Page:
Publication: 21st September 2021 – Lake Union Publishing
In this evocative tale from the bestselling author of The Dressmaker’s Gift, a strange new city offers a young girl hope. Can it also offer a lost soul a second chance?
Morocco, 1941. With France having fallen to Nazi occupation, twelve-year-old Josie has fled with her family to Casablanca, where they await safe passage to America. Life here is as intense as the sun, every sight, smell and sound overwhelming to the senses in a city filled with extraordinary characters. It’s a world away from the trouble back home―and Josie loves it.
Seventy years later, another new arrival in the intoxicating port city, Zoe, is struggling―with her marriage, her baby daughter and her new life as an expat in an unfamiliar place. But when she discovers a small wooden box and a diary from the 1940s beneath the floorboards of her daughter’s bedroom, Zoe enters the inner world of young Josie, who once looked out on the same view of the Atlantic Ocean, but who knew a very different Casablanca.
It’s not long before Zoe begins to see her adopted city through Josie’s eyes. But can a new perspective help her turn tragedy into hope, and find the comfort she needs to heal her broken heart?
Josie’s Journal – Wednesday 1st January 1941
I love my new journal. Papa told me it’s for me to write my life story in. He knows I want to be a writer, and he says it’s also good to write things down because then you don’t have to carry them around in your head all the time and that it might help me not to have so many bad dreams. It’s my best Christmas present. This year we got dresses made of silk because the big trunk with all our good clothes went missing somewhere in Marseille, or maybe on the way to Algeria. Anyway, it wasn’t there when we got off the boat in Oran. Maman says we’ll need something to wear when we go out now that we have a proper home again because the one thing Casablanca does have is a social life. The hotels and bars are full of people, some who live and work here and many who are just passing through like us. There are even tea dances at the Hotel Excelsior on Saturday afternoons, so those might cheer Annette up a bit. Even though my dress is nice and I know it must have cost a lot, it was a bit of a boring present. My new notebook and the little basket of sugared almonds were better.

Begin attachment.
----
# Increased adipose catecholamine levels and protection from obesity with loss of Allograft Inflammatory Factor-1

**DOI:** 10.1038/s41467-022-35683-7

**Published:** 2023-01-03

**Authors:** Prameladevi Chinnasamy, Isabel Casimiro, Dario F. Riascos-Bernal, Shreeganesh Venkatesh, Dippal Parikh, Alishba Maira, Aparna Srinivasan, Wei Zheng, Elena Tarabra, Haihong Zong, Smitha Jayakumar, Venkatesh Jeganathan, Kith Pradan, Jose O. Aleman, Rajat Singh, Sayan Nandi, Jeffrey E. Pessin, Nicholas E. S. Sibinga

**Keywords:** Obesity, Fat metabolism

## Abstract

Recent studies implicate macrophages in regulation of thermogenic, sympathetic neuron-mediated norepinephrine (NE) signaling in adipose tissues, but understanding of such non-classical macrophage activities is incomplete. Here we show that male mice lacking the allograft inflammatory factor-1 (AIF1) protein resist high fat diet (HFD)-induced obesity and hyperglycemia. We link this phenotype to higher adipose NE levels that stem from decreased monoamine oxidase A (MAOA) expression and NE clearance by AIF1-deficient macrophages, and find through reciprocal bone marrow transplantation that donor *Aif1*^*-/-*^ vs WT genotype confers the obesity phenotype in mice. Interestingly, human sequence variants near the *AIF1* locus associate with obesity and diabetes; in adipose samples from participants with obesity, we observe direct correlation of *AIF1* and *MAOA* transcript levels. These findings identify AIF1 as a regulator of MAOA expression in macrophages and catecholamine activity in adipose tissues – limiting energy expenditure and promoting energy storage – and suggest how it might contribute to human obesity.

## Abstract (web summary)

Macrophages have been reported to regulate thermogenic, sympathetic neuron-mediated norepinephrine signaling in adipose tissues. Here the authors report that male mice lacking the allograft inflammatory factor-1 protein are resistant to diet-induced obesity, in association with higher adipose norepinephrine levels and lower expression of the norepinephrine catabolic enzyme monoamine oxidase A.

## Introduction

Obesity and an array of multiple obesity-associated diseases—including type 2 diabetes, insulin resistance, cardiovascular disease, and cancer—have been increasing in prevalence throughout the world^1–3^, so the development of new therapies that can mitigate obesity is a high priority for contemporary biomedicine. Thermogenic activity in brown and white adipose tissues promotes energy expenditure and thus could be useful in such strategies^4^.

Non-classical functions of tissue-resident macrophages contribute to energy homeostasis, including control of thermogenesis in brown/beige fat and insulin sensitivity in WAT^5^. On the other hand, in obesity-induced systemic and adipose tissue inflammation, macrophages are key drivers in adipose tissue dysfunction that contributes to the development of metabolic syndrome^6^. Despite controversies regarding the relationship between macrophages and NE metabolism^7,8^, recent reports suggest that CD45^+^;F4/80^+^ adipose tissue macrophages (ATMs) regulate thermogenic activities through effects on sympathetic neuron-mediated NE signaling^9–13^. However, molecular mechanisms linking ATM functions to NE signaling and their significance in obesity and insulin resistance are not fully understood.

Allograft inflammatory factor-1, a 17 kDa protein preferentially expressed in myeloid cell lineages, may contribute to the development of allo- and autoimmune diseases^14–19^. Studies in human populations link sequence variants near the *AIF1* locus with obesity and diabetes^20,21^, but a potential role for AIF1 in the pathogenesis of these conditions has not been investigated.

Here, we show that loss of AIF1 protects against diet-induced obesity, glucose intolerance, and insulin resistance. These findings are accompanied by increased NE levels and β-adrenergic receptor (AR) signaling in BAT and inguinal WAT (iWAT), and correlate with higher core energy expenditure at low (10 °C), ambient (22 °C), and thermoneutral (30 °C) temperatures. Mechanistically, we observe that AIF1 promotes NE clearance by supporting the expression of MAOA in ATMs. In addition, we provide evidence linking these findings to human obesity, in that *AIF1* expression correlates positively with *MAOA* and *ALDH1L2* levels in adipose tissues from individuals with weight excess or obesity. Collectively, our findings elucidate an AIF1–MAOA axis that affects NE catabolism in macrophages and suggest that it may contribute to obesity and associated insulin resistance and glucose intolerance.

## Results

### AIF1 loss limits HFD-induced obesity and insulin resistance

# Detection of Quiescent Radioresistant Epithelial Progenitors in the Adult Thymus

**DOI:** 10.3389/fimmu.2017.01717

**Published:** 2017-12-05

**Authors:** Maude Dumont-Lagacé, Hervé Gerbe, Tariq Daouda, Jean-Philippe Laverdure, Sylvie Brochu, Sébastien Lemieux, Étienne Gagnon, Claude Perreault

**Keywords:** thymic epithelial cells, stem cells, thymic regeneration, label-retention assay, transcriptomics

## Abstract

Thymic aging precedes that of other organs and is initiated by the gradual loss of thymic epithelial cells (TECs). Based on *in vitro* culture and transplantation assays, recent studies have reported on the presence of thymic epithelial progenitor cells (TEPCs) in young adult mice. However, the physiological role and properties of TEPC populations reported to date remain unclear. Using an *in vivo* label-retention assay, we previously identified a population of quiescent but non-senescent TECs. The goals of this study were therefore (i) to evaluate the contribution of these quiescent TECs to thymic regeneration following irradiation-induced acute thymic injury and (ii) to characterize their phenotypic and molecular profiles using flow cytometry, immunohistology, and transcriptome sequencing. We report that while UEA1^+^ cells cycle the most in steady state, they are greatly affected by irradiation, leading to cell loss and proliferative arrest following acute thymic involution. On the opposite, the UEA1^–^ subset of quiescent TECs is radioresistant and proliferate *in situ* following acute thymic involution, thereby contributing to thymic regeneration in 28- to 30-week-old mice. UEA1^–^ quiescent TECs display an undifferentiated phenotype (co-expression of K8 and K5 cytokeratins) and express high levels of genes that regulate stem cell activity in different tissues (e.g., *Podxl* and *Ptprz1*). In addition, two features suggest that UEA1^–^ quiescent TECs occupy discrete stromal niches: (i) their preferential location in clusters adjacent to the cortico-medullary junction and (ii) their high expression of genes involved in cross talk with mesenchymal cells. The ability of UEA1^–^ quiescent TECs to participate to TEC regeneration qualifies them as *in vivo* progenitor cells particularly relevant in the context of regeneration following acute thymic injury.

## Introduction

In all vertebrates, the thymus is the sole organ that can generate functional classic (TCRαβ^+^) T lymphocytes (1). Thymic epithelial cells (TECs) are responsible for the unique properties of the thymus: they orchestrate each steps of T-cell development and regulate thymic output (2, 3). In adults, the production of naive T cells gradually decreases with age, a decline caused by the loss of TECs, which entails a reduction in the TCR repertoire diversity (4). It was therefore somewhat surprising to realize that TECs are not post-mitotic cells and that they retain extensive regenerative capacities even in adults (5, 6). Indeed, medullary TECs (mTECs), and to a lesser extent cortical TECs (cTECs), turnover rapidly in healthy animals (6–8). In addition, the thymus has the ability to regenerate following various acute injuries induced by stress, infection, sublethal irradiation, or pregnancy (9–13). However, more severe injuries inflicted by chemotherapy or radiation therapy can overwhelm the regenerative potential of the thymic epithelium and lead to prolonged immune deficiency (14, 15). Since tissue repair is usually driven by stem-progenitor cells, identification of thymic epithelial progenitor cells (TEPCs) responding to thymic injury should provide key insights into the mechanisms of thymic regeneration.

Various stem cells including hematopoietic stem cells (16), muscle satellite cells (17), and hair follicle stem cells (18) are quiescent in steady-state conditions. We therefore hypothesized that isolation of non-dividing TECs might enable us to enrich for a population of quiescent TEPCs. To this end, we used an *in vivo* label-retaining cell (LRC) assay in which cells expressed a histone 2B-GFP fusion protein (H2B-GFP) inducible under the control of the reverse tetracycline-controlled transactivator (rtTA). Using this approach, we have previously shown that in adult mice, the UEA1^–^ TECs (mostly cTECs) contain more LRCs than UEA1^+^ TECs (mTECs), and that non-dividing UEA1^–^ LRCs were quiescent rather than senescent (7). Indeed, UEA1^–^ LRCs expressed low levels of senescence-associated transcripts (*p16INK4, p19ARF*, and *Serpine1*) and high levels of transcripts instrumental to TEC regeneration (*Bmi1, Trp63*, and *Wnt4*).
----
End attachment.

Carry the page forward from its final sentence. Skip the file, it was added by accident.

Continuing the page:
I’m going to go to sleep now. We stayed up late last night to celebrate the arrival of the new year. I wore my new dress and I was allowed a glass of champagne. It didn’t taste as nice as lemonade really, but everyone was making a big fuss about it so I pretended to enjoy it. It’s the start of our new life too. I’m sad to have left France, but excited to be going to America to meet my cousins there. Maybe when the war is over we will go back to Paris and I’ll see my friends again. I suppose many of them will have left too. I hope they are alright and have somewhere safe to go like us. I’m sending them good wishes now. I hope I’ll sleep well tonight now that I’ve started writing things down in my journal.
Fiona spent seven years living in France, having moved there from the UK in 2007, before returning to live in Scotland. Her love for both of these countries, their people and their histories, has found its way into the books she’s written.
She draws inspiration from the stories of strong women, especially during the years of the Second Word War, and her meticulous historical research enriches her writing with an evocative sense of time and place.
An acclaimed Number 1 bestselling author, Fiona Valpy’s books have been translated into more than a dozen languages worldwide.